I was recently invited to join a panel discussion among developers to dispel the myth of the typical BS Buzzword Bingo around machine learning and AI. In this blog post, I will share some buzzwords we talked about with a little description and links. Ooops, I already used some buzzwords. So let’s start.

AI (Artificial Intelligence) is the magic portion to fix all problems of all companies and will make us unemployed in the future. Well, this is how it is often sold. For me, AI is computer science mixed with statistics that enables a machine to do things better, faster and more efficient. Most people understand things like machine learning, robotics, and computer vision as AI.

I found this nice visualization of different areas or AI with again some nice buzzwords. Some people might argue that the tree could look different, but as a first overview it is quite nice.


source: https://hackernoon.com/hn-images/1*SQC439dWhYeJ31ph9Oesqg.png

Machine learning

ML (Machine Learning) is often divided into 2 different types of models: Supervised models, where you try to predict an outcome, that you can observe. For example you want to predict whether a customer will like a certain product or if a picture shows the image of a dog or a cat. Unsupervised models try to find patterns in the data. E.g. you want to group customers into segments. Deep learning can entail both, supervised and unsupervised components. The basic idea of Deep Learning is to imitate the functionality of our brain. In deep learning, you create an artificial neural network with multiple layers (therefore we call it “deep”) that is similar to the neurons in a brain. A stimulus is then sent through the network and interpreted at the end. You cannot really understand how and why, but it works. For me, deep learning is just a generic term for this type of model, which is often supervised and more and more unsupervised.


Since there is so much buzz about deep learning, we also discussed Generative Adversarial Networks (GANS), because they produce quite impressive and entertaining results. Generative Adversarial Networks are a special class of combined models that interact with each other to produce somewhat creative results. Ever seen those tools, where you can just throw in a photograph of yourself and get returned an image that looks like you were drawn by van Gogh? No, you should try it then, e.g. on deepart.io. GANS are also the models that create deepfakes like Obama’s public service annoucement on youtube or the appearance of princess Leia in Rogue One. The model learns what a source face looks like at different angles and transposes the face onto a different target.

We also talked about how to build deep learning models. You might have come across the two biggest frameworks “Tensorflow” and “Keras” in the buzzword jungle.

  • Tensorflow is an open source deep learning framework powered by Google. It’s often used, well documented and you can build all kinds of deep learning models in a very flexible way. Tensorflow also offers tooling to facilitate the work e.g. Tensorboard, which visualizes neural networks.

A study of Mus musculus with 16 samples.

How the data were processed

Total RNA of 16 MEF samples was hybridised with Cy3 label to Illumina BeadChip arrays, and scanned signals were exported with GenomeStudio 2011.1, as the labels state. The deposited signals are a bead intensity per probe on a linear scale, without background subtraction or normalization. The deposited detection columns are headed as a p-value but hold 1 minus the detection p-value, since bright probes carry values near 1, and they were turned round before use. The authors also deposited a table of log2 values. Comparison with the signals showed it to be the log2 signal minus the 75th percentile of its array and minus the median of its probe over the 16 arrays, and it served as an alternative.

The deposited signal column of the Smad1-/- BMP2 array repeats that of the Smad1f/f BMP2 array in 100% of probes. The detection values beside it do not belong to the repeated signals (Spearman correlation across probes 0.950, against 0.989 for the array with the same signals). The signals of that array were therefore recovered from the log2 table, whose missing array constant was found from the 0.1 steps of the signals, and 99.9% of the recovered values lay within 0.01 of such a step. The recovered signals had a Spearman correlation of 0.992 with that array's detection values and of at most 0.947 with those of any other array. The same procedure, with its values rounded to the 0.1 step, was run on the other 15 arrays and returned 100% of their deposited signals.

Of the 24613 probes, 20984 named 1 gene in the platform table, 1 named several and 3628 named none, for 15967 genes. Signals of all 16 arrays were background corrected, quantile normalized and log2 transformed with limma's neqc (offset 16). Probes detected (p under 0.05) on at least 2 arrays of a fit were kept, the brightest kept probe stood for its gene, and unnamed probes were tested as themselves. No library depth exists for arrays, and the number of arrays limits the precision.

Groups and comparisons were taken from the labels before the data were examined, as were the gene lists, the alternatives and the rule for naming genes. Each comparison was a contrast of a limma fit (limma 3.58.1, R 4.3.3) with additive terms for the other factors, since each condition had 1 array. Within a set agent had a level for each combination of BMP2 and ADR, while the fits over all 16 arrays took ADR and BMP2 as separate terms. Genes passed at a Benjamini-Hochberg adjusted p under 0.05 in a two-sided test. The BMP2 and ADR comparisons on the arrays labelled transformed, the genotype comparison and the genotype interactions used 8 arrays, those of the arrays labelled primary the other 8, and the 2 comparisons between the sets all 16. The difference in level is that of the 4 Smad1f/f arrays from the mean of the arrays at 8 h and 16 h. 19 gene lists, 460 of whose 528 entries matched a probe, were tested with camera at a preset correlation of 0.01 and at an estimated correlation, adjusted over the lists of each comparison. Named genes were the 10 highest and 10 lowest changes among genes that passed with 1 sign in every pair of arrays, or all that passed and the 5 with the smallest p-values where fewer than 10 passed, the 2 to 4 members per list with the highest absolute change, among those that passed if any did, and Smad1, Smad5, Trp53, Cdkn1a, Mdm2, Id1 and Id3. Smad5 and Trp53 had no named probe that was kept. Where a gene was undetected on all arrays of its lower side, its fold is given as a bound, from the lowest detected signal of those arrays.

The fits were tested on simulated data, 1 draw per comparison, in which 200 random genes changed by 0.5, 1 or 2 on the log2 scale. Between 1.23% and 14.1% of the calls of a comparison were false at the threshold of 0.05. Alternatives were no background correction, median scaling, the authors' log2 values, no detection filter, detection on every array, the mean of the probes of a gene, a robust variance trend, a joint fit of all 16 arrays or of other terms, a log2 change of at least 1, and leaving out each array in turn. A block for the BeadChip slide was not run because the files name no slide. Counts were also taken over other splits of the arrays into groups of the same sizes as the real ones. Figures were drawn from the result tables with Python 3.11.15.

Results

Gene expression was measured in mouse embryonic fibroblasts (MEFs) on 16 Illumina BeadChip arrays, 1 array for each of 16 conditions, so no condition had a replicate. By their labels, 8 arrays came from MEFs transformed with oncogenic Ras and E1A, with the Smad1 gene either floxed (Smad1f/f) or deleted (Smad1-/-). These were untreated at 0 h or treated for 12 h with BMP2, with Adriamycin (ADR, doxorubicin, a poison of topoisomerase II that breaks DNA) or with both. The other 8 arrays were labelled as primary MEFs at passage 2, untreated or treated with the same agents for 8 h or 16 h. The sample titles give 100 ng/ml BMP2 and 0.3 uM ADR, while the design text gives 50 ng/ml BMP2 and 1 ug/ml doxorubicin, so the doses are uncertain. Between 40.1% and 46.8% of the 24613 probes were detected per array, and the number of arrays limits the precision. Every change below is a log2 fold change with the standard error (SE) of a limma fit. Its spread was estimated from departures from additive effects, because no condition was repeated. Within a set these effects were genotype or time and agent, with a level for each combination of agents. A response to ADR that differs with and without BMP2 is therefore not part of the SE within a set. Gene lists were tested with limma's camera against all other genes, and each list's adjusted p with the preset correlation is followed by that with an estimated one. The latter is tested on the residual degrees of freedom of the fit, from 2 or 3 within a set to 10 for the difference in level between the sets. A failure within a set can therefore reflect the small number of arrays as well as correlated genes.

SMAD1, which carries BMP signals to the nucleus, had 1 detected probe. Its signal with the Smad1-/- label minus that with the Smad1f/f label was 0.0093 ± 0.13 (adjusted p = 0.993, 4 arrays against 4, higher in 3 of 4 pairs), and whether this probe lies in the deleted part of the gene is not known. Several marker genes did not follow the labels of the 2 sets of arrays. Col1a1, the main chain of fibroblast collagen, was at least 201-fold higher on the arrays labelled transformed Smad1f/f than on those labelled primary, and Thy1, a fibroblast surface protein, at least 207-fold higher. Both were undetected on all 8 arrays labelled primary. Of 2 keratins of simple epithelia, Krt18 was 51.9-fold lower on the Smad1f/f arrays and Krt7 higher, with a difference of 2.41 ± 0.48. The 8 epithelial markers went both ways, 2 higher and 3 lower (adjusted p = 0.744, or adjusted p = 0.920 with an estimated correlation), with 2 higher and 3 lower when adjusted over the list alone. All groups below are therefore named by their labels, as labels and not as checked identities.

• Keras is another well known deep learning framework. It’s one of those frameworks that use lot’s of abstraction to make it easy to use even if you have no idea what you are doing.

Natural Language Processing

NLP sounds like Neuro-linguistic programming but in our context stands for Natural Language Processing. The objective of NLP is to read, decipher, understand, and make sense of the human languages in a manner that is valuable. This could for example include extracting and classifying entities in a text.

Especially for NLP tasks, it is common to use pretrained models and finetune them for specific tasks (Transfer Learning). Usually, some big corporation such as Google or Facebook trains a model (usually some neural net) on a large corpus of data with unlimited computation resources and open sources the model coefficients. Smaller companies would not have the data or the capacity to train such models from scratch and can just fine tune or extent existing models. Most models use the idea of deep learning and extend the basic ideas with some clever twists. Popular models are the sesame street models BERT and Elmo and their developments (RoBERTa, DistilBERT…).

One model that created a lot of buzz is GPT-3. In May 2020 OpenAI released this pretrained model with 175billion (!) parameters to selected beta testers. It was promoted as the AI of the future, which could perform multiple language tasks. The model is not just able to understand human language and write and understand text. It can also learn programming languages and make developers obsolete. A quite impressive video was posted on twitter, that showed how this model is able to write simple react code to create buttons on a website. The access to the model via API will probably be sold to companies for a lot of money in the future.

We touched a lot of buzzwords already, which should help you survive a flood of AI buzzwords. One last advice: In those situations never talk about just “data” without using the adjective “big”.